Six foreign leaders spoke at Nelson Mandela’s funeral today: President Obama, President Raul Castro, and the leaders of Brazil, China, India, and Namibia. President Obama shook Raul Castro’s hand as he greeted the other speakers and other guests. It’s hard to read much into this, in fact it would have been awkward to avoid the brief greeting. If it marks the beginning of a change in the relationship, so much the better, but that would take a decision on President Obama’s part, not a handshake.
Raul Castro was introduced as a representative of a people that fought for South Africa’s liberation by fighting in Angola against rebels backed by the apartheid government. He praised Mandela for ending the apartheid system, for serving as an example to Latin America and the Caribbean, and for standing up for the “conviction that dialogue and cooperation are the path to the solution of differences and to civilized coexistence between those who think differently.” For his part, President Obama took a shot at leaders who express solidarity with Mandela but “do not tolerate dissent from their own people.”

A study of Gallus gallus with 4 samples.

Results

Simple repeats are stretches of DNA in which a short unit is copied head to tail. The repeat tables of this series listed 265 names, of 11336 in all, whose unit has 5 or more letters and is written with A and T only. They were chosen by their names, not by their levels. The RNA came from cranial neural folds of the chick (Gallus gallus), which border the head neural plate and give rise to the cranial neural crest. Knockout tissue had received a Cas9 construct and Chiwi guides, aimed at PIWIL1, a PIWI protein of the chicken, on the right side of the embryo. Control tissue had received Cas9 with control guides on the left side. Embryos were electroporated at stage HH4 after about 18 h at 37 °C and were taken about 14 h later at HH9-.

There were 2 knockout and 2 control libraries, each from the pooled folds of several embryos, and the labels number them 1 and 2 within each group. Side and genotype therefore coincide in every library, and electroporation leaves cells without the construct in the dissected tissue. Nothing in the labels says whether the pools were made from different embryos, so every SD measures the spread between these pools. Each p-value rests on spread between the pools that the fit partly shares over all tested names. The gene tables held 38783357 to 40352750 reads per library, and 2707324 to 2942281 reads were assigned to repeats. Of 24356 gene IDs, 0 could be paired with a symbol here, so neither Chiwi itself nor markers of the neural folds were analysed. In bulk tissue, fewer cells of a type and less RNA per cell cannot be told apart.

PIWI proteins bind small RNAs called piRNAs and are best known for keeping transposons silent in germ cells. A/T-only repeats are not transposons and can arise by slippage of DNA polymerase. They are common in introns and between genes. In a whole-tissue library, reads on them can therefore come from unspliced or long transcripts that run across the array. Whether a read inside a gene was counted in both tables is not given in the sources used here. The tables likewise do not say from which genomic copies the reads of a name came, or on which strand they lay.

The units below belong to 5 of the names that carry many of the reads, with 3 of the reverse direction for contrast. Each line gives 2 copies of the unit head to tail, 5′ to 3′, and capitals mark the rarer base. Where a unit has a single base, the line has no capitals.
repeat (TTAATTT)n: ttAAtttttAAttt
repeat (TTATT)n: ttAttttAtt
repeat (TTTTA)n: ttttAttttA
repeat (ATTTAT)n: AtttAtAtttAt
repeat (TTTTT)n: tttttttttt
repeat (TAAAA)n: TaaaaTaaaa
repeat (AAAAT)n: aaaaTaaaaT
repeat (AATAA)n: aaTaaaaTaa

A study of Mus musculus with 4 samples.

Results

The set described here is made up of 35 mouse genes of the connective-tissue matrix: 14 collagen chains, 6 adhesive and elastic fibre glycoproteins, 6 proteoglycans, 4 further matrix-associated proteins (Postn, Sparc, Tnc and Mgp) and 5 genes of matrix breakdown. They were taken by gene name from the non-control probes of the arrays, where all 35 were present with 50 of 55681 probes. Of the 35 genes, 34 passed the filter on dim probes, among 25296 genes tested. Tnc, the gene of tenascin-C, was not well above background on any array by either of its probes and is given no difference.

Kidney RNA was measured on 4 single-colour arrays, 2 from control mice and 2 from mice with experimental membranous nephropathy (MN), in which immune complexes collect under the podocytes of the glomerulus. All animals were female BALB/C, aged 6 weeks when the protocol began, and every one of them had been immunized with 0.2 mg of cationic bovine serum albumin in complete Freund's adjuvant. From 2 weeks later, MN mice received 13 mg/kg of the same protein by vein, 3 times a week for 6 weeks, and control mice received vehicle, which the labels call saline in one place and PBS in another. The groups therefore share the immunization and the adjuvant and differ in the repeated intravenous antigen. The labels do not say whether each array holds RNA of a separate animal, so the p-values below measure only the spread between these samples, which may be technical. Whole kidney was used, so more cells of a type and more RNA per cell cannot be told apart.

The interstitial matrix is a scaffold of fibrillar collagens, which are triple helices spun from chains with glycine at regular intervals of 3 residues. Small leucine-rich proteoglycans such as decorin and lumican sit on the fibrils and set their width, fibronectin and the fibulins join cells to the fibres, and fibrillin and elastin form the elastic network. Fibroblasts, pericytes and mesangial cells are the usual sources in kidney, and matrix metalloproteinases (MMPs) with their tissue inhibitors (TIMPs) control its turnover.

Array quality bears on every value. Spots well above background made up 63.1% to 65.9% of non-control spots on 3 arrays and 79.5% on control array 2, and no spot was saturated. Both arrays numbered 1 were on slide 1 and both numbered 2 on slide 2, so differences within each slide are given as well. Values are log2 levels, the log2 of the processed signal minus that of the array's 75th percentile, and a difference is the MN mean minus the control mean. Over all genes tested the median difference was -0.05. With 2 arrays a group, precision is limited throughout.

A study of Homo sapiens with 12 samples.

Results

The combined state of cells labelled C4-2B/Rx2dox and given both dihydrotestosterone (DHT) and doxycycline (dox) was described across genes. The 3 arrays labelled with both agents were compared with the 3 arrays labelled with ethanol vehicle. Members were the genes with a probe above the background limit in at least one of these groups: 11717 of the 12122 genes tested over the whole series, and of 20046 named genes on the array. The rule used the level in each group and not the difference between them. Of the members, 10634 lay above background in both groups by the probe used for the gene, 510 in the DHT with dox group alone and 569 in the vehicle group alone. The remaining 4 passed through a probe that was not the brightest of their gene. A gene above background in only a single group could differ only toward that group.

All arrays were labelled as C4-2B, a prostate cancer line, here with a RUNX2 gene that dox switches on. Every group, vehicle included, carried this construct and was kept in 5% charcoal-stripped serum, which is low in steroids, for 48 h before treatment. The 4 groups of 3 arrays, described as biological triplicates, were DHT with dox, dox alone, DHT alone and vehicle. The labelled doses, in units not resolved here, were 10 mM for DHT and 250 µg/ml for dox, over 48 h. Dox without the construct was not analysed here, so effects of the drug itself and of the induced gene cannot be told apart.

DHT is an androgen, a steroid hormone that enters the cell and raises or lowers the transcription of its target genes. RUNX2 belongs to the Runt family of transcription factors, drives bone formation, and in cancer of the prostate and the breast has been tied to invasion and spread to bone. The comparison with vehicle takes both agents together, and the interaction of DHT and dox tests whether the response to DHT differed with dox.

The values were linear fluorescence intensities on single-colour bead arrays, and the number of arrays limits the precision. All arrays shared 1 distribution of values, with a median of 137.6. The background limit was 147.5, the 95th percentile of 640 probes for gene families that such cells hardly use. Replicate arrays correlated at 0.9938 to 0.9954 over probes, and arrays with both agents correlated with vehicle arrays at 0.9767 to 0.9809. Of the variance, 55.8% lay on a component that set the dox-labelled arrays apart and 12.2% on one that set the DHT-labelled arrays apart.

Rosa Maria Paya, the daughter of the late Oswaldo Paya, says that President Obama’s handshake shows disrespect for the Cuban people.
The handshake was broadcast on Cuban television, Yoani Sanchez says.
When you go to a funeral, do you use it as an opportunity to settle scores with everyone there? That’s what two U.S. Senators think President Obama should have done at today’s state funeral in Johannesburg. Senator McCain: “Why should you shake hands with somebody who's keeping Americans in prison?” Then, “Neville Chamberlain shook hands with Hitler.” Senator Rubio: “If he was going to shake his hand, he should have asked him about those basic freedoms Mandela was associated with that are denied in Cuba.”